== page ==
5 Things Hawaii Reminded Me About Living Well

Living well is as much a choice as it is a privilege. Learning lessons and getting reminded of how to live a healthy, happy life can renew the spirit and motivate you to make a few shifts in your daily habits.


Don’t miss a sunset.

Hawaiian people congregate at dusk. No matter what side of the island they’re on, they are not inside watching TV when the sun is about to set. It’s almost like a natural need instead of a conscious choice to go outside and witness this time of the day because it’s inherently part of the culture and lifestyle. I often forget to enjoy the beauty of life, and this Hawaiian habit reminded me of the importance of making time for moments of awe every day.

You don’t need much.

I over packed on this trip because I have this underlying feeling that I’ll need something I don’t have. This is a byproduct of living in a state of deprivation instead of abundance and of living too long in a consumer-driven culture. In Hawaii, I learned that you need very little to feel satisfied, and even if something is missing you can easily make things work anyway. Spending a few days in only flip flops and a bathing suit is a great reminder that living minimally doesn’t equate with sacrifice.

Playing is important.

When I first arrived I wasn’t dying to go in the ocean. It looked beautiful, but I’m a bit afraid, and it just didn’t seem like something I was eager to do. When I got hot I would wade in up to my waist and then head back to the towel. By day two, after watching surfers and the happy frolicking people in the water, I couldn’t help but feel the urge to go deeper. Finally, I dove under the waves, floated, did summersaults and body surfed until my face hurt from smiling. I had forgotten how to play, and the waters of Hawaii invited me back to that part of myself.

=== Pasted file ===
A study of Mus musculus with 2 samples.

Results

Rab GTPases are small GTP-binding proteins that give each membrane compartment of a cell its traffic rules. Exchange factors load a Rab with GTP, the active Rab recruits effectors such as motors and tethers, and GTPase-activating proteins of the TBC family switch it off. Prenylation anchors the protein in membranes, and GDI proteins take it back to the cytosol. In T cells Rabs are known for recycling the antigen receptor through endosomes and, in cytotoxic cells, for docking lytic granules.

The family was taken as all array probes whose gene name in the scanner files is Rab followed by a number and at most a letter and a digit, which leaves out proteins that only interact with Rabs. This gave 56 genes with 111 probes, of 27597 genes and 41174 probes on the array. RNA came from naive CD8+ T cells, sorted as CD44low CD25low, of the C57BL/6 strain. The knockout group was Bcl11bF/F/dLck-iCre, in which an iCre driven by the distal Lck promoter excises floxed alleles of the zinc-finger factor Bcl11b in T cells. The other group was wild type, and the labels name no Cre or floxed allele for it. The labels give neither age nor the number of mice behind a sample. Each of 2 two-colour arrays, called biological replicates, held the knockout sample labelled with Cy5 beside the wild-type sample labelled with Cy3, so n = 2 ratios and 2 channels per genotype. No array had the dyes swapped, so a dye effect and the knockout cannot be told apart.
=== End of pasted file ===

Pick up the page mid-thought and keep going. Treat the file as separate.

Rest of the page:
Do what you love.

Being on vacation can always open perspective and serve as a good reminder to do the things you love, but the people who live in Hawaii take that to a new level. Yes, they’re living in one of the most beautiful locations possible, but they’ve made a choice to be close to what they’re passionate about. Surfers, ocean lovers, and students alike are there to pursue their dreams and live the life they want. This brought me back to the awareness of trying to make more time for the things that really matter and lift my spirit and to live from a place of passion as much as possible.

Take advantage.

Anyone who lives in a cold environment where getting outside to do anything is a luxury knows it’s essential to take advantage when the opportunity is presented. I live in a warm climate, so for me it’s more about pushing myself to get out before it’s too dark or to steal a few moments away from the grind to get a breath of fresh air. But for someone else, taking advantage might be more centered around doing something that inspires or lifts the spirit when there’s a break in weather or a chance to get away to somewhere else. In Hawaii, the beauty of the landscape is never wasted, and this was a reminder that life is precious and so is my time. These aren’t profound discoveries, and you certainly don’t need to go to Hawaii to remember how to live, but when there’s an opportunity to get out of the hustle and bustle, the chance to re-center and evaluate life is hard to ignore. Stepping back to get a broader, big-picture view of the way you’re living your life is an important practice that you can engage in at any time and anywhere.